Dear Readers, I have never seen this little bird, and when you look at its extraordinary camouflage, you can see why – look at that combination of rusts and ochres, beiges and chocolates, against the dead grass. The woodcock has long been thought of as a magical bird – although some stay in the UK all year round, the population is bolstered in the winter by migrants from Scandinavia and Russia, and the first full moon in November is known as a ‘woodcock moon’. It used to be believed that woodcock flew to the moon during the time when they were not apparent, and that they generously carried other, smaller birds that couldn’t make the trip on their own on their backs – the goldcrest, the UK’s smallest bird, was considered to be the usual ‘passenger’. One vernacular name for the goldcrest is ‘the woodcock pilot’.
In the spring, the male performs a display flight at dusk called ‘roding’, which is described as ‘bat-like’ – they call as they fly, and you can watch them here. The call always reminds me a bit of a frog. The females have been known to carry their young on their backs, or in their claws, when threatened. Alas, this secretive little bird has also been hunted, although (or perhaps because) it is extremely difficult to shoot, being small, fast and shy. There is some concern about the hunting of over-wintering birds in France and in the UK. When shot, the birds are cooked whole without being gutted. They sound like one of those delicacies that would take a lot of getting used to though they were apparently a favourite of Edwardian gentlemen. Fortunately these days if you see ‘Scotch Woodcock’ on a menu, you’re likely to get scrambled eggs on toast with anchovy paste, though as anchovies are also endangered it might not be that much of an improvement. The pin feathers of the woodcock were used for painting miniatures, removing the proverbial ‘mote in someone’s eye’, and drawing the gold stripe down the side of a Rolls Royce motorcar.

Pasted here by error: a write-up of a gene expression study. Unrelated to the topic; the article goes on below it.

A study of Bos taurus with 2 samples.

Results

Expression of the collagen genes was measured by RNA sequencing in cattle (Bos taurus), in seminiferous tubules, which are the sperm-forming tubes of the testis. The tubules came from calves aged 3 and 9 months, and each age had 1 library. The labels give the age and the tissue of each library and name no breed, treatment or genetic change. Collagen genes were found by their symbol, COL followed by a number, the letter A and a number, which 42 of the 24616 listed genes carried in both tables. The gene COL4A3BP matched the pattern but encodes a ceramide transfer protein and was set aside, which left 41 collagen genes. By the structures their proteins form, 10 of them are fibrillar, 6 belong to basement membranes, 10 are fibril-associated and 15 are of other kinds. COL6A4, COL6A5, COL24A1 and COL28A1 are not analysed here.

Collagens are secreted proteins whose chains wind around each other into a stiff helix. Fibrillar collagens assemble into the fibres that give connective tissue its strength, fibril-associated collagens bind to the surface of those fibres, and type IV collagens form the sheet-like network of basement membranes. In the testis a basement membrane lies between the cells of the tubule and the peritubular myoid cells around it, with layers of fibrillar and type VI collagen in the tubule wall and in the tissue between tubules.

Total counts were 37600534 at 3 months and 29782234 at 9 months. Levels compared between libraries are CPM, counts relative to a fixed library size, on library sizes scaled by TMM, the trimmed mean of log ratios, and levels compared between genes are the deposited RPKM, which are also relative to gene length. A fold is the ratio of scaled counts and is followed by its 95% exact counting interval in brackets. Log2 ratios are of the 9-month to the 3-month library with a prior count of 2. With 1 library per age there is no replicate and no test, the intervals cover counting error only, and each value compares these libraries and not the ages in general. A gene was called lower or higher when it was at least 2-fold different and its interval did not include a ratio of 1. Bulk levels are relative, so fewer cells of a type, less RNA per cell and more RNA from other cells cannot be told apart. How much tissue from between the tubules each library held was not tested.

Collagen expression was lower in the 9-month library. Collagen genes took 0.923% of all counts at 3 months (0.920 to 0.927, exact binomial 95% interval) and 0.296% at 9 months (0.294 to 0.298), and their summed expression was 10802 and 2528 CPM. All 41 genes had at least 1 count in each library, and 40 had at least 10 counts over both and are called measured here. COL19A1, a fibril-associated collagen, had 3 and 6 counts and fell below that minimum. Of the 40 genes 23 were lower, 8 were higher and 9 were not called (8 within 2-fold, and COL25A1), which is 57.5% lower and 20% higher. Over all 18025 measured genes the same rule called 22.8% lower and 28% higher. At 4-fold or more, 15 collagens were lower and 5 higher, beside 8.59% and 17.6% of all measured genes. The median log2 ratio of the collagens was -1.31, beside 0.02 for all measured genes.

The woodcock is red-listed in the UK because of a severe decline in breeding range, of over 30%. The main cause seems to be our old favourite, fragmentation of habitat – the birds need large forests and these are increasingly rare, plus over-grazing by deer and over-management of forests makes the habitat less suitable for breeding. Studies in the New Forest have also shown that although the bird spends its days in the forest, at night it can travel for many miles to find the right sort of pasture so it can suck up a few worms. There is much more to be discovered about these cryptic birds, for sure.
This is such a characterful bird – feisty, round, well-camouflaged and even Shakespearian (In Hamlet, Polonius describes his plot to put Ophelia in Hamlet’s way so that he can observe their conversation as a ‘springe (trap) to catch woodcocks’). Let’s hope that, with good forest management, their decline can be halted.